By Chris Johnston – Sportsnet
In a best-of-three final, this is how Team Canada breaks your heart.
It will start slow and gift you a power play on the opening shift. It will continue to be sluggish, and cough up the puck too often, and open the door of hope ever so slightly. It will deliver its flattest performance in years … and win.
Like the kid who has everything, this group has a way of making all others feel a little bit jealous.
“You’d like things to be perfect every night, but it’s just not real,” said coach Mike Babcock.
What is real is the fact the World Cup is now within reach. Another victory on Thursday will give the country its third straight best-on-best tournament dating back to the 2010 Olympics.
This was as sloppy as we’ve seen Team Canada since the early stages of the Vancouver Games. It hardly mattered.
Coached by Ralph Krueger, the man who assisted Canada in reaching near-perfection in Sochi, Team Europe found a way to disrupt the machine. It forced repeated turnovers during the opening two periods and found itself an unsuccessful Andrej Sekera breakaway from tying the score heading to the third.
The visitors delivered their best.
“We had spurts when we let them outplay us,” acknowledged Canadian defenceman Drew Doughty.
Fortunately, there was Carey Price to cover over the occasional pothole.
A world-class bunch in front of him helped, too, as goals by Brad Marchand and Steven Stamkos both came in transition. Team Canada’s third of the night – which gave it a 3-1 lead at 9:24 of the third period – proved to be a dagger.
First Sidney Crosby almost banked a shot in from behind the goal-line. Then he grabbed the puck, spun off defenceman Mark Streit and slid a backhand pass through Christian Ehrhoff and on to the stick of Patrice Bergeron in the slot.
Imagine being a member of the underdog Team Europe in that moment. You’ve played a great game, got within a whisker of dreaming about an upset and the best player in the world dashes all of those thoughts inside three inspirational seconds.
Crosby now leads the World Cup with nine points in five games, trailed only by linemates Marchand (seven) and Bergeron (six). He’s basically got his hands on the MVP award already.
“I’m not going to say it’s the best hockey he’s ever played because he plays so well in the NHL all the time,” teammate Ryan Getzlaf said of Crosby. “But from when I’ve been playing with him, in the three (previous international) tournaments I’ve had the opportunity, I would say he’s playing unbelievable. Things are working for him now. He’s hot.
“Not that he didn’t play well at the other tournaments, he just didn’t get this hot.”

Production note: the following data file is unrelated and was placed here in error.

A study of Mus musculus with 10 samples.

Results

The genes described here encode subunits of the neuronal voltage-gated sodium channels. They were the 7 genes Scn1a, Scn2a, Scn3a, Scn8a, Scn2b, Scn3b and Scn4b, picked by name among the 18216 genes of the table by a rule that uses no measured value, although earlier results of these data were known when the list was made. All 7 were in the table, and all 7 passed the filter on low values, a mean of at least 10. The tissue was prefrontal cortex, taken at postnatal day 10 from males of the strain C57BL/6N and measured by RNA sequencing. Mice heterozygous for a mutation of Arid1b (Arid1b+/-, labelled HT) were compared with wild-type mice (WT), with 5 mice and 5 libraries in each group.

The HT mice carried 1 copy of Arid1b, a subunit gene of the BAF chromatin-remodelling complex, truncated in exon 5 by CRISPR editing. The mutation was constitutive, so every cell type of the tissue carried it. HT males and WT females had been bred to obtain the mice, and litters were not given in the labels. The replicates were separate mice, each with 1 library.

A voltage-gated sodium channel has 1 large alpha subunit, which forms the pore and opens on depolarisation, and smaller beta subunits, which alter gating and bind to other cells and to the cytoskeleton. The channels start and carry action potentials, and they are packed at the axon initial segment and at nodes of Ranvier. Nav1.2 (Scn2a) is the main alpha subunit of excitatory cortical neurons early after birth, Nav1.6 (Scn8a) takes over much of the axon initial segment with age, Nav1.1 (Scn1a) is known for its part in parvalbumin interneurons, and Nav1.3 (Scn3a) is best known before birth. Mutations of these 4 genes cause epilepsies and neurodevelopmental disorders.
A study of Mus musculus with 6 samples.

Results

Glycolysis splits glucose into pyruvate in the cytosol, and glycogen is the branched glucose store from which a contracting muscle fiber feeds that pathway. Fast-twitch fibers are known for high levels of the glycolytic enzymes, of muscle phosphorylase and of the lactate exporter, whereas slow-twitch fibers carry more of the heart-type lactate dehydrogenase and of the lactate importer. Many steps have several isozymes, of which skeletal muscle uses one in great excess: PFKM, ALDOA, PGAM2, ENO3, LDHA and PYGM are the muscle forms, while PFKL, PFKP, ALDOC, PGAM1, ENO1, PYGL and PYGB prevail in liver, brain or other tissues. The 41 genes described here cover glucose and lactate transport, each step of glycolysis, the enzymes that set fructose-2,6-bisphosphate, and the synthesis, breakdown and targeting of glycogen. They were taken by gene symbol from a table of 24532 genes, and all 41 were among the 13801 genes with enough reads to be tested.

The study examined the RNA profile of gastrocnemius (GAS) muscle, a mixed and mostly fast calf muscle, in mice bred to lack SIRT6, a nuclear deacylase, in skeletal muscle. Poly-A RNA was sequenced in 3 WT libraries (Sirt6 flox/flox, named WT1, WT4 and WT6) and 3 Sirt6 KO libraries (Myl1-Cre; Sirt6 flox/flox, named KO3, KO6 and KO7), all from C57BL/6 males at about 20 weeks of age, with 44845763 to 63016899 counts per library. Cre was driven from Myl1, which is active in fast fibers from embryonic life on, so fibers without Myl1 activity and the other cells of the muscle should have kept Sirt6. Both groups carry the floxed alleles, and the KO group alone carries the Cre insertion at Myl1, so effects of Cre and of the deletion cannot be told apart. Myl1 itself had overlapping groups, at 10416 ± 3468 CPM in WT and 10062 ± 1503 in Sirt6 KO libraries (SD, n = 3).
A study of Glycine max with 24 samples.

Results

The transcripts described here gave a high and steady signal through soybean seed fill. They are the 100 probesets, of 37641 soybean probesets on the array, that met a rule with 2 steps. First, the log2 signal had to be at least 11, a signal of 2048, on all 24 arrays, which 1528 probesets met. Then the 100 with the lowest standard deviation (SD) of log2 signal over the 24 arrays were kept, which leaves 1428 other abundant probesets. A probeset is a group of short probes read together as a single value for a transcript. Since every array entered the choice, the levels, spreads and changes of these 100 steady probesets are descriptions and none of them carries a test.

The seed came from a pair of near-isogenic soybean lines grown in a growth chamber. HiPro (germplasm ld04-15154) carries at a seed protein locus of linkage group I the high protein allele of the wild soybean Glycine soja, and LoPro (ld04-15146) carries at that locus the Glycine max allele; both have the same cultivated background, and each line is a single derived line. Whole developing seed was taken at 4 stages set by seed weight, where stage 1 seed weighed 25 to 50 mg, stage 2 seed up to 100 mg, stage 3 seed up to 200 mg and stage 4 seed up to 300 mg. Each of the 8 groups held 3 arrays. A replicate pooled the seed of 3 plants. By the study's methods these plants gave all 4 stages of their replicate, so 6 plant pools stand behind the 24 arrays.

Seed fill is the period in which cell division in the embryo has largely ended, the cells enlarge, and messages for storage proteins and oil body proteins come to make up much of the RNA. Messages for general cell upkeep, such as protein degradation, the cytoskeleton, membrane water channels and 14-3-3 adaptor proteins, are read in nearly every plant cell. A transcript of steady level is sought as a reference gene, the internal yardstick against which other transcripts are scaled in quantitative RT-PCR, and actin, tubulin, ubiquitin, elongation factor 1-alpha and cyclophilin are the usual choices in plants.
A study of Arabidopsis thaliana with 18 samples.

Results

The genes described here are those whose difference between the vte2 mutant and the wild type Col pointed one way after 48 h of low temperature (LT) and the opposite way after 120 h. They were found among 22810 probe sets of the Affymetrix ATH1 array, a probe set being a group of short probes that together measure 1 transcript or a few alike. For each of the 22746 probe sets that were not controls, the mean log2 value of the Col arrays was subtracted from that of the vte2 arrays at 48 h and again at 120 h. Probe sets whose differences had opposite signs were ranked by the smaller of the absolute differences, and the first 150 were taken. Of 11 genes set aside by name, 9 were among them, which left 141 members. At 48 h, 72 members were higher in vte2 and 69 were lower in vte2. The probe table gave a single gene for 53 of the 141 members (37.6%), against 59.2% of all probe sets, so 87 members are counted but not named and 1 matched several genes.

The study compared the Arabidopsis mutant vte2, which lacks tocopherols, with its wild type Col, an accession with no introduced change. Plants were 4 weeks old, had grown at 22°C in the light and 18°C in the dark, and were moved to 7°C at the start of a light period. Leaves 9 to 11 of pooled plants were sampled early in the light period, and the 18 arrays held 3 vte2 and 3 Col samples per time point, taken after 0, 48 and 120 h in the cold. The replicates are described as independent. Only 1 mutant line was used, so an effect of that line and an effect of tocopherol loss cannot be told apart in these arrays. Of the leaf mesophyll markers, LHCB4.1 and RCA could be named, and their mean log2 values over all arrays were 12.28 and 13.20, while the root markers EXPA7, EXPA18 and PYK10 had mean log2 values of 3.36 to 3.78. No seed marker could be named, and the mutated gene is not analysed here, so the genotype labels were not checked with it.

Team Canada has now reeled off a ridiculous 15 straight victories in best-on-best competition. Even the odd sloppy night is good enough to get by.
So now we’ll spend another day trying to calculate how Team Europe might possibly force a third game in this final series.
On one hand, Krueger’s team should be encouraged. This was its best game of the tournament and the Europeans managed to at least throw a hint of doubt into the outcome.
Despite that, however, they failed to get the job done.
“We’re here to continue to grow and to learn and evolve, and we’re very angry right now, which is a good thing,” said Krueger.
They’ve now had two cracks at Team Canada and can perhaps find a flaw or two heading into the third matchup. There really aren’t any secrets at this point.
Of course, it’s highly unlikely we’ll see Canada’s puck possession game get so disrupted on Thursday. The hallmark of this team is execution and it’ll adjust too.
“Well they’re just patient,” Crosby said of Team Europe. “They sit back a lot. When they do get a turnover, they have some guys who can skate and they come back at you pretty quickly. It’s just a matter of making sure we make good decisions with the puck.
“Just high percentage plays and we did that when we had opportunities.”
There had to be a strange sense of satisfaction in going back to the hotel with the knowledge that a perfect run through this tournament was at hand.
They had dodged a small bullet, and come out no worse for wear.
“Well it wasn’t our best,” said Stamkos. “I think we realize that. At this time of the tournament a win’s a win.”
Particularly when you only need one more to finish the job.